A Brief History
On June 7, 1892, Homer Plessy, an African-American, was arrested for refusing to vacate his seat in a “Whites Only” railroad car. His case went to the Supreme Court of the United States, where a 7-1 majority ruled against Plessy, and upheld segregation laws in states that had them, as long as the “separate but equal” rule was followed. (Ferguson was the lower court judge that ruled against Plessy.)
This concept of separate but equal was thus the law of the land until the 1954 Supreme Court case, Brown vs. Board of Education, and much of the United States was officially segregated on racial terms. Louisiana had passed a law in 1890 creating racially segregated rail cars.
Not surprisingly, one of the justices on the Supreme Court that ruled against Plessy was Edward White (No kidding! How apropos!) who happened to be a member of a paramilitary white supremacist organization! (How this guy was not dismissed from the case is beyond ridiculous.)
We have referred to Mr. Plessy as African-American, but in reality he was only 1/8 African descent, the other 7/8 being white European, making him what they called back in the day, an “octoroon.” In those days, in Louisiana and many other Southern states an octoroon was considered “black” for legal purposes. (So, does that make me an “octoKraut?”)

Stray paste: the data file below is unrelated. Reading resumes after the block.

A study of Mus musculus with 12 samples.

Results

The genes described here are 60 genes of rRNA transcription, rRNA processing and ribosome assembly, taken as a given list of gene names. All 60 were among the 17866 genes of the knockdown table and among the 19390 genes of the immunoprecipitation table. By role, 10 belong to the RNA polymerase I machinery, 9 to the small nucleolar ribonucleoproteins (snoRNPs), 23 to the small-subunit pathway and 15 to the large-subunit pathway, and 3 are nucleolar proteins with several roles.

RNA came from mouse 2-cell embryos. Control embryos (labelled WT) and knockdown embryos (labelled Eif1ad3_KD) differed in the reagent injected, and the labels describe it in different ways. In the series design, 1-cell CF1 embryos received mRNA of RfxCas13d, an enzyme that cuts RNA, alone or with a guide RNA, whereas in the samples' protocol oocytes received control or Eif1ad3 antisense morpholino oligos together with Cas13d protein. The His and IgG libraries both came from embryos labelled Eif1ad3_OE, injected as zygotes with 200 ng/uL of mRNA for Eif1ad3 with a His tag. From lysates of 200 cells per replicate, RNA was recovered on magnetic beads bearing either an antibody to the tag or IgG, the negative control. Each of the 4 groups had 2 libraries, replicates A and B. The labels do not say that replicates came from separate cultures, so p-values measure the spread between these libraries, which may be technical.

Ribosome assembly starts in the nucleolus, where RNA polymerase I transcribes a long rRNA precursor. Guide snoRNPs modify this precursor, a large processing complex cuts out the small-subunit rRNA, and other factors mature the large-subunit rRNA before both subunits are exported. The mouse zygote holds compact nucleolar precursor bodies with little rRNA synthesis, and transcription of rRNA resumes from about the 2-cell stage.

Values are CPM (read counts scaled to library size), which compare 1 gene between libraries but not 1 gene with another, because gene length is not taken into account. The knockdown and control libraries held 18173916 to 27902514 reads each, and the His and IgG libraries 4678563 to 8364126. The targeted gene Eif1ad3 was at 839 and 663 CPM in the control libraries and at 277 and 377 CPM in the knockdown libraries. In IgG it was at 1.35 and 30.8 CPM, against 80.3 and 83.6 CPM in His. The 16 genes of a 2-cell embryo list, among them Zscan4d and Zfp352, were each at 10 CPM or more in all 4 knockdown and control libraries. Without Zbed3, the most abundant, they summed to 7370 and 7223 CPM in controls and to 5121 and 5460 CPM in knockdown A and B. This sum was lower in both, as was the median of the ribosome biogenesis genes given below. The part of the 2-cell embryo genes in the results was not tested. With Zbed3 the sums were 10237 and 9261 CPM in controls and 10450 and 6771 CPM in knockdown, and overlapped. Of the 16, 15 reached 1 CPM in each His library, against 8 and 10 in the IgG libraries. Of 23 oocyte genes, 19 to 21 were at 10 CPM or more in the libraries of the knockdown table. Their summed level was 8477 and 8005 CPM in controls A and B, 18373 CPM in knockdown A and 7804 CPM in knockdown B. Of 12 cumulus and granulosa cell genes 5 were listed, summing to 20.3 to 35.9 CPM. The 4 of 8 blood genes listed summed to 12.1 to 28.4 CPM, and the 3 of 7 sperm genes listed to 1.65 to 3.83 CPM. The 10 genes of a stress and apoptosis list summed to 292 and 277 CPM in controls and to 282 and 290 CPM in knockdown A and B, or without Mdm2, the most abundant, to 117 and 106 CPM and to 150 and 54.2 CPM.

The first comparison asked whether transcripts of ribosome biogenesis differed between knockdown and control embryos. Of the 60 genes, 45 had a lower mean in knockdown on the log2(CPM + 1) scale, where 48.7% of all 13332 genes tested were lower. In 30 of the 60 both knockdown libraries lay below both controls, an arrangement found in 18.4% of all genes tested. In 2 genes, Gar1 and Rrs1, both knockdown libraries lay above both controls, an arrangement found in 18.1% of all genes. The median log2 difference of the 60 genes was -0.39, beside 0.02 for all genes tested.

Was Homer Plessy right to challenge the segregation law by disobeying it? Mohandas K. Gandhi and African-American civil rights pioneers have also used this technique to challenge laws that seemed manifestly unjust, when normal ballot box recourse seemed unrealistic. Please share with us your thoughts on what laws should be challenged this way, and conversely which ones should not.
Hoffer, WilliamJames Hull. Plessy v. Ferguson: Race and Inequality in Jim Crow America (Landmark Law Cases and American Society). University Press of Kansas, 2012.
Medley, Keith. We As Freemen: Plessy v. Ferguson. Pelican Publishing, 2012.
Thomas, Brook. Plessy v. Ferguson: A Brief History with Documents. Bedford/St. Martin’s, 1996.